The next column’s dependent variable is total loan size. Unsuprisingly, maximum size caps matter, with an estimated increase of $41 per $100 increase in the size cap. However, this is well below the one-to-one correspondence we would see if size caps are binding. Maximum loan term and rollover prohibitions also come in as significant, though the connection is less clear.
Only one variable significantly affects loan term, and that is minimum loan term. The coefficient just misses the 5% significance mark (p=0.052 ) and implies a 10-day increase in the minimum will raise lengths by 2.6 days on average. This effect is likely non-linear and concentrated among states with longer minimum loan terms. Notably, the estimate for maximum term is insignificant and economically small, suggesting it rarely if ever binds.
Price caps and size caps are the only types of regulation that are significantly predictive of delinquency, with coefficients implying that a $10 increase in the cap on a $300 loan increases delinquency by 0.6 percentage points, and a $100 increase in the size cap increases delinquency by 0.4 percentage points. These effects are moderate relative to an overall delinquency rate of 4.3%, and the mechanism by which they might affect the rate is not certain.
One possibility is that larger and more expensive loans are simply more difficult to pay off, leading to go to website delinquency
Four types of regulation appear predictive of repeat borrowing: price caps, maximum term limits, rollover prohibitions, and cooling-off periods. It is easy to see why there might be a connection between rollover prohibitions and cooling-off periods–both are specifically designed to limit repeat borrowing, and indeed both coefficients are significant and negative. Though much of the debate over rollover prohibitions focuses on the ability of lenders and borrowers to circumvent them, it is possible that on the margin such prohibitions still make rollovers a bit less convenient, with consequences for overall repeat borrowing.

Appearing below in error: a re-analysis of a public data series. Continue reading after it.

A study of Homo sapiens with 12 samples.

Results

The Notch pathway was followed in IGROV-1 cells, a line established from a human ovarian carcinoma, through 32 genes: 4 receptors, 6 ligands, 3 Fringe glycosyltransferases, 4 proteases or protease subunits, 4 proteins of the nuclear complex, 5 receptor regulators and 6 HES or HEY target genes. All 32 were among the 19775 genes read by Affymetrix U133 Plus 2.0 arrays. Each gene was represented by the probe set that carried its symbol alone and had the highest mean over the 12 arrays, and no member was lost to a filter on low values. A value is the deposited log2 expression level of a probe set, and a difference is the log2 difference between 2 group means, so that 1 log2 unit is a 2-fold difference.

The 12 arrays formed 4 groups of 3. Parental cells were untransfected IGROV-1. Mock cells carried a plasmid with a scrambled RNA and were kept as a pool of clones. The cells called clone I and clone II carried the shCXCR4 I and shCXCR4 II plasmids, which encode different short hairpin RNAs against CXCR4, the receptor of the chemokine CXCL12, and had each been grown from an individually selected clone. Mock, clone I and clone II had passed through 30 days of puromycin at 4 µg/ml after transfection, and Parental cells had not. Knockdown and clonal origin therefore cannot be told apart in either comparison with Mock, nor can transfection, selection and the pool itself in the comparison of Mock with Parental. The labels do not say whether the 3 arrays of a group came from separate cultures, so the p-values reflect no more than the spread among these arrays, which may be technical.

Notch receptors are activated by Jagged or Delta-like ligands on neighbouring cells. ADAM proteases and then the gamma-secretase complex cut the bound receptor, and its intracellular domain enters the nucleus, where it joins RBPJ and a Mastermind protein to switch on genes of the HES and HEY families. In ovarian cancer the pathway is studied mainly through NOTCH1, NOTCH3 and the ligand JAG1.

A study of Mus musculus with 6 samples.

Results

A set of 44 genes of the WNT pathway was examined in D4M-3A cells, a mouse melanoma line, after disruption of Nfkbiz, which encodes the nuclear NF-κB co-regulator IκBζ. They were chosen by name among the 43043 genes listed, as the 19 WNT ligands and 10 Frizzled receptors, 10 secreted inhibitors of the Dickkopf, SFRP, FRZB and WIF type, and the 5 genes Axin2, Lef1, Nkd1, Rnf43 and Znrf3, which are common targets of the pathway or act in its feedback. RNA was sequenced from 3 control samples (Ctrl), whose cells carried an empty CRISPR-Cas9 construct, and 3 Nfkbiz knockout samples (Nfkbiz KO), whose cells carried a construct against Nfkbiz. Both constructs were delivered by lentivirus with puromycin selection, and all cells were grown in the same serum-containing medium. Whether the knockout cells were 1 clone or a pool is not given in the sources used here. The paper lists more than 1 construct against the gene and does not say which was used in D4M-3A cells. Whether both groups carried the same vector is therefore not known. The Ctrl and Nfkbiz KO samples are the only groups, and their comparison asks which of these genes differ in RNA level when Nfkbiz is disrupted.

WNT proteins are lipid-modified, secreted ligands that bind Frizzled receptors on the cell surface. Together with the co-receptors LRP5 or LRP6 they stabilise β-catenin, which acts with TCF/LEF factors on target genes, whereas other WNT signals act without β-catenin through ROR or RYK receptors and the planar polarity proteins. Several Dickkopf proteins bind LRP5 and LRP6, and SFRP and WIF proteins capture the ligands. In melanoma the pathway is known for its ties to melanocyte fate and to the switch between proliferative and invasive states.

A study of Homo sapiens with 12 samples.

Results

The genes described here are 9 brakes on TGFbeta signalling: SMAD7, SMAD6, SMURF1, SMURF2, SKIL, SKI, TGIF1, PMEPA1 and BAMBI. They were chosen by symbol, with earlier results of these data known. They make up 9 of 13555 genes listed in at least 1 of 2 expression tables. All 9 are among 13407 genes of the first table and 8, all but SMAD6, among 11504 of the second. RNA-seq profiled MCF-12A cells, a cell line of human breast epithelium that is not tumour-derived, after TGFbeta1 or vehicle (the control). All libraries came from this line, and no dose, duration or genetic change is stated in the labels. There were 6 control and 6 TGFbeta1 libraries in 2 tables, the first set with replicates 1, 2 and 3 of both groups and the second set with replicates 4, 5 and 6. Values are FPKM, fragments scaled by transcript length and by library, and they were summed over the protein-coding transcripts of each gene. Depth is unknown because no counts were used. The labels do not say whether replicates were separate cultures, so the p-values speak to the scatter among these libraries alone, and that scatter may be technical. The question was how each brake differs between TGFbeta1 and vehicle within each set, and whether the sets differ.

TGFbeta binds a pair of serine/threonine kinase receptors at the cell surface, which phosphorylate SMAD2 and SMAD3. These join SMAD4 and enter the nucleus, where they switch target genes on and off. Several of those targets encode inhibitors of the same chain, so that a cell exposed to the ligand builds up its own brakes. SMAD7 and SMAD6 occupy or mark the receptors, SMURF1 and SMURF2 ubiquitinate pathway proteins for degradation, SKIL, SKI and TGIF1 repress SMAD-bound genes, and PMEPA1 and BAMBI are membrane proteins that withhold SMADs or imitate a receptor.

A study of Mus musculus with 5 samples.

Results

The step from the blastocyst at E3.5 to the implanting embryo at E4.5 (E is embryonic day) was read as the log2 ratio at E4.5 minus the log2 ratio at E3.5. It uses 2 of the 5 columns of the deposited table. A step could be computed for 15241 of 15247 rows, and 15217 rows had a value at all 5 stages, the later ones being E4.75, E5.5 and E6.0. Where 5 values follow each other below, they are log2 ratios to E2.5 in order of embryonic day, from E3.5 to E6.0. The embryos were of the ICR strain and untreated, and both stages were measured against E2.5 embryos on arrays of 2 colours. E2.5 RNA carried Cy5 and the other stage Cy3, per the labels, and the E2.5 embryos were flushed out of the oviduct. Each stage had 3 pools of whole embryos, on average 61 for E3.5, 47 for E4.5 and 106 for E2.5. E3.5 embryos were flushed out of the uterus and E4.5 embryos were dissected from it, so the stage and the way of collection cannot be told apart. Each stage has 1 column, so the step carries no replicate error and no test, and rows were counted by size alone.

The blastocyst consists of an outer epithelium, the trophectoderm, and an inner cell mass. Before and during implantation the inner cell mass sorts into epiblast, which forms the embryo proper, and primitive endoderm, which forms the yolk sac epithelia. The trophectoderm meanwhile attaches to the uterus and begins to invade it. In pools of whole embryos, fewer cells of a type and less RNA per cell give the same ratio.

It is less straightforward to see the link between price caps and repeat borrowing. The coefficient implies a significant 3 percentage point decrease in the repeat borrowing rate for each $10 increase in the cap. One possibility is that this is a simple price effect: cheaper loans are more attractive to prospective customers and so they choose to use them more often. Another possibility is that, assuming higher price caps lead to greater delinquency, delinquent borrowers are less likely to be allowed to borrow in the future, leading to less repeat borrowing. However, the estimated effect of price caps on repeat borrowing is larger than the estimated effect on delinquency, suggesting this cannot be the sole mechanism.
Given that this form of regulation appears to have no effect on loan term itself, its putative target, it is difficult to imagine a channel by which it would affect repeat borrowing
Next we examine states that changed their laws in order to see whether the results obtained from the pooled regressions of the previous section are supported or contradicted in a setting with fewer confounding factors. Table 5 presents analyses of the six states in the data with law changes. Each cell of the table represents a separate regression using the specification in Equation (2), except for the South Carolina cells which use the specification in Equation (3). For reference, Figures 4,5,6,7,8, and 9 present raw means over time for fees, amount borrowed, loan term, lending volume, delinquency, and repeat borrowing for each state whose laws changed. 9
The pooled regressions suggested a fairly tight connection between price caps and price, and this relationship appears at least as strong in the law-change regressions. As noted in the law matrix in Tables 2 and 3, price caps went up in Ohio and Rhode Island, while Tennessee and Virginia both loosened theirs. All four states saw price changes in the direction of the price cap changes, and the sizes of the price changes closely track the size of the cap changes: $1.03, 96 cents, 56 cents, and $1.16 changes per $1 change in the cap, respectively. The remaining states did not adjust their price caps, and their prices did not change. These results support the conclusion that actual prices adhere closely to price caps.